23 March 2015

‘Flatlands Remix’ a David Batchelor Exhibiton Opens in Partnership with the British Council

Virginia Commonwealth University in Qatar (VCUQatar) is proud to host ‘Flatlands Remix’ by David Batchelor, an exhibition organised in partnership with the British Council and British Embassy in support of the British Festival 2015. ‘Flatlands Remix’ is based on Batchelor’s solo exhibition 'Flatlands' (2013), which was guest-curated by Andrea Schlieker with The Fruitmarket Gallery, Edinburgh and Spike Island, Bristol.

'Flatlands Remix' brings together David Batchelor’s intricate and vibrant drawings, as well as his more recent exploration into painting. Alongside these works the exhibition presents a group of Batchelor’s color-based sculptures, and a new digital installation of his Found Monochromes (1997-2015) - a series of white rectangular and square panels encountered on walks through cities around the world.

David Batchelor’s work revels in the brilliant hues of artificial color and illuminated light, often hinting at the urban landscape through vivid three-dimensional structures that can only have been created by a modern world. Since the late 1990s drawing has been at the heart of Batchelor's work, allowing him a freedom he cannot exercise in his sculptural work. For me drawing is a kind of dreaming. It’s a kind of place where forms and shapes and things don’t have to obey the laws of gravity,” says Batchelor.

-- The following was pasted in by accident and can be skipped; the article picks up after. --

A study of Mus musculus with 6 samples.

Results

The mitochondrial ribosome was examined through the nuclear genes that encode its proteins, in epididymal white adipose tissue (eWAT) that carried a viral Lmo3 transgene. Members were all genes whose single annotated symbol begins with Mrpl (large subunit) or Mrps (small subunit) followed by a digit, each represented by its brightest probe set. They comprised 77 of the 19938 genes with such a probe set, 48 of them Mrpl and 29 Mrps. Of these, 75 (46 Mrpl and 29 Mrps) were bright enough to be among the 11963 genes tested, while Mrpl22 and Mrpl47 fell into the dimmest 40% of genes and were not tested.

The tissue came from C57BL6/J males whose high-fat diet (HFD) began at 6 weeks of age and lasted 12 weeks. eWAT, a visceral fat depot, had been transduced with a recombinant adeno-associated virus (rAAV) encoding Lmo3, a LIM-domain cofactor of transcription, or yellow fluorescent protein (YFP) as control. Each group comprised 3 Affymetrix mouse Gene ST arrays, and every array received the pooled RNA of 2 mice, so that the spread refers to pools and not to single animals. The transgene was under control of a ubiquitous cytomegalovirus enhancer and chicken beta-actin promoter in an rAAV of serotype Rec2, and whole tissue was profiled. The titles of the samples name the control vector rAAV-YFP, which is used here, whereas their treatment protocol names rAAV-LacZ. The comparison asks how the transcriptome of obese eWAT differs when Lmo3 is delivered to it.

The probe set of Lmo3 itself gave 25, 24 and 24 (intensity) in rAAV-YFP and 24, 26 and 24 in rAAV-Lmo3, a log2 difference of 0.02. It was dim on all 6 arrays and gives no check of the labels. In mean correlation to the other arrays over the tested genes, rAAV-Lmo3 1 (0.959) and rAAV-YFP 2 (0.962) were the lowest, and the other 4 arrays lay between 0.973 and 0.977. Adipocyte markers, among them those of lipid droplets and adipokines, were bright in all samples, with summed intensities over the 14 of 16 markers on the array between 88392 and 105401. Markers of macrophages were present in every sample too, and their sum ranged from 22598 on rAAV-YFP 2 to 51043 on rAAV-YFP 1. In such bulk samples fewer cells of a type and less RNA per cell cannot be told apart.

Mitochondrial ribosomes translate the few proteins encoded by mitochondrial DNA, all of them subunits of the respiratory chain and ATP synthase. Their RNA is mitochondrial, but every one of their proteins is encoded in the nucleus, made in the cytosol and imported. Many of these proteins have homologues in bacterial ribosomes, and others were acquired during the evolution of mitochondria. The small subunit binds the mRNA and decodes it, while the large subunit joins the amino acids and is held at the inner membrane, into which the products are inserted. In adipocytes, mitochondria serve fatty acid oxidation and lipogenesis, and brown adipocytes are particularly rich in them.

Batchelor was born in Dundee, Scotland in 1955 and lives and works as an Artist and Writer in London. The exhibition presents a group of Batchelor’s color-based sculptures, and a new digital installation of his Found Monochromes (1997-2015) - a series of white rectangular and square panels encountered on walks through cities around the world. He is best known for his vivid three-dimensional structures made from re-purposed domestic and light industrial objects such as light boxes, dollies and detergent bottles.

VCUQatar will open Batchelor’s ‘Flatlands Remix’ exhibition on 25 March 2015 at 6pm. Visitors are welcome to experience his work until 21 April 2015.